When Sandy Koufax decided not to pitch in Game 1 of the 1965 World Series because it fell on Yom Kippur, he became an instant hero for many Jews across the country.
He was still able to help his team—the Los Angeles Dodgers—starting in games 2, 5 and 7, and they went on to win the title, beating their rival the Minnesota Twins. Koufax was even awarded “Most Valuable Player” of the series.
That was 50 years ago, but his actions have had a lingering effect to this day. After all, it was a big move on a very big stage, and it could have had real repercussions on the outcome of the game—and Koufax’s career.
In the end, it also said a great deal about the character of Koufax, a discreet man who apparently tried to avoid the center stage, even as Yom Kippur approaches and with it, much talk of five decades of making a public Jewish statement.
Fast-forward to September 2015, when the St. Louis Cardinals scheduled “College Night” on the evening of Tuesday, Sept. 22, minutes before the start of Yom Kippur. When the date was made known, Jewish students who observe the holiday realized that they wouldn’t be able to attend.
Yom Kippur, the Day of Atonement, is the holiest day on the Jewish calendar. For nearly 26 hours—from several minutes before sunset on 9 Tishrei to after nightfall on 10 Tishrei—Jews abstain from food and drink, and recite prayers of repentance in synagogue.
But rather than stew in their disappointment, students and staff at the Chabad on Campus Rohr Center for Jewish Life at Washington University in St. Louis decided to organize an alternate event at the game on Thursday, Sept. 24, to honor the 50-year anniversary of Koufax’s famous decision.
“We wanted to pay homage to Sandy Koufax by sitting in synagogue for Kol Nidre and going to the ballpark on a different day,” said Rabbi Hershey Novack, director of the Washington University Chabad.
The decision to attend a Cardinals game a different night is another example of how Jews manage to navigate a life in which they observeShabbat and other holidays, and still participate in integral parts of American life.
In Koufax’s case, he was not particularly religious and was well-known for shying away from the spotlight. Most historians agree that his actions were not aimed for public attention.
“There was never any decision to make,” he wrote in his autobiography. “Because there was never any possibility that I would pitch. Yom Kippur is the holiest day of the Jewish religion. The club knows that I don’t work that day.”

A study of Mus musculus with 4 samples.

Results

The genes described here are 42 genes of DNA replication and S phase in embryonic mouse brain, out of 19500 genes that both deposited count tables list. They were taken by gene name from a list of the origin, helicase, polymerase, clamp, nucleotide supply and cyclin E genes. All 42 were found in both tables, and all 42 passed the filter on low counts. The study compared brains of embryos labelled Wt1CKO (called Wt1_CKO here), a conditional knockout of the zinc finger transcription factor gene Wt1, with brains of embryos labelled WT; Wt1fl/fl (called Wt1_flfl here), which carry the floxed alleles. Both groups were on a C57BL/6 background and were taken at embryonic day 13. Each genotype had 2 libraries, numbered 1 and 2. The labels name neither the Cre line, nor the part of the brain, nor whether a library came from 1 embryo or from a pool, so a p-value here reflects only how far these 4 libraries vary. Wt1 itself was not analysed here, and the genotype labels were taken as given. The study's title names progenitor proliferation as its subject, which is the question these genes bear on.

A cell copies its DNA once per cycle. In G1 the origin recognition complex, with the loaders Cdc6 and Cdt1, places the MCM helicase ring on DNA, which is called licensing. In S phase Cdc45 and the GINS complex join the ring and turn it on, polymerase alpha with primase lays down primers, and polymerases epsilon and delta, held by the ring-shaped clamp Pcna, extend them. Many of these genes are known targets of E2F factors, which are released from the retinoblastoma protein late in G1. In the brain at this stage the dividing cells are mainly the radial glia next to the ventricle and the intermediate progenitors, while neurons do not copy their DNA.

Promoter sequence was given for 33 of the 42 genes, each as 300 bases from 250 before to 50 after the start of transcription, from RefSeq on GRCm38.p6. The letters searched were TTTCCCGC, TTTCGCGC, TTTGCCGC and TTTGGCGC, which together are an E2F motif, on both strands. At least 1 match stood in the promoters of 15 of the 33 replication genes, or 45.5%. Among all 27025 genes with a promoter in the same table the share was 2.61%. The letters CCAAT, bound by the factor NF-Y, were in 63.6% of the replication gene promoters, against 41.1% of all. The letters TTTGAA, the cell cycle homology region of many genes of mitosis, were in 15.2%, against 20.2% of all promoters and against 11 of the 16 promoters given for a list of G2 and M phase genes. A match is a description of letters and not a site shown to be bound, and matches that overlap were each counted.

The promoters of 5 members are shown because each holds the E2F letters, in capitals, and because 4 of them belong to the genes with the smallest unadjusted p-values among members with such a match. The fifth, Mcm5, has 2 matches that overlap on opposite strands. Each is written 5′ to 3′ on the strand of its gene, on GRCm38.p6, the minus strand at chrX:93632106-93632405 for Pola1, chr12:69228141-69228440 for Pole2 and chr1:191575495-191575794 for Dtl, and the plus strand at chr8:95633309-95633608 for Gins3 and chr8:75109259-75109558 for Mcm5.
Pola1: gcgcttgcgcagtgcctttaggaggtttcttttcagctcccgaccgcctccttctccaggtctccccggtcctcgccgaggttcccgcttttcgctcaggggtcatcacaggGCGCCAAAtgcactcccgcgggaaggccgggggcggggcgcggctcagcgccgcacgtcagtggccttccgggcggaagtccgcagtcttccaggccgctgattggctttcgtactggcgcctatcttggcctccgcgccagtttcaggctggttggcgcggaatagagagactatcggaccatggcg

‘Understand the Culture’
Novack wasn’t born when the 1965 World Series took place, but he is well-aware of the impact of Koufax’s decision. “When he sat out in the World Series—in a very different era—it had a very positive effect on a generation of young Jewish baseball fans,” said Novack. “Here was a highly successful Jewish baseball player indicating to America that he places Judaism above sports. That was an incredible message that still resonates today.”
The genesis of the Chabad event came when students saw on Facebook that their peers were planning to attend the game on the holiday. They brought it to the attention of the Chabad Student Association, an undergraduate club affiliated with the university that Novack advises.
“I wouldn’t say I was upset” about the Cardinals schedule, he said. “Let’s realize that 98 percent of college students in the St. Louis area are not Jewish, so let the Cardinals sell them tickets.’”
Alex Griffel, a leader of the Chabad Student Association helping to organize the event, recalled thinking after he learned of the scheduling conflict that: “It’s uncomfortable that there will probably be Jewish students who are put in a position where they might want to go to the game, and we should do something on a different night so they have an alternative and come to Yom Kippur.”
While certainly not as important as observing the holiday, Griffel said that attending a Cardinals game is something college students in St. Louis should be able to do.
“Even if you’re not a baseball fan, the Cardinals are hard to escape. They are an omnipresent part of St. Louis day-to-day life,” said Griffel, a senior at Washington University who is studying English literature. “I think living in St. Louis, it’s sort of your responsibility to understand Cardinals culture a little bit.”
Add to that the fact that there is a longstanding tradition of Jews loving baseball, documented in the recent exhibit, Chasing Dreams: Baseball and Becoming American, at the National Museum of American Jewish History in Philadelphia.
Like Judaism, said Griffel, who describes himself as Orthodox, “baseball is something you get from your parents, from your grandparents. It’s a challenge to be a religious Jew who loves baseball because there have been a lot of important baseball moments that have happened on Shabbat and Jewish holidays.”
(He can recall from memory that Mets pitcher Johan Santana threw a no-hitter on Friday night, June 1, 2012. But since the game took place on Shabbat, he didn’t see it.)
“I would love to be watching those games, but I make a commitment to Judaism,” said Griffel, a native of Long Island, N.Y.
The Chabad organizers reached out to the Cardinals about their event, and also plan to include students from area schools such as Saint Louis University, Webster University and the University of Missouri-St. Louis.
They plan to make T-shirts for the game between the Cardinals and the Milwaukee Brewers, and actually send one to Koufax and the Dodgers. The shirts, however, will be red. Koufax, who still assists the Dodgers in spring training, may wind up keeping with tradition—and wear blue.
“[While] we’re not a baseball-boosting club,” Novack said of the college Chabad House, “gathering students together for a baseball game and recognizing Sandy Koufax’s Jewish heroism seemed close enough to our mission to make it happen.”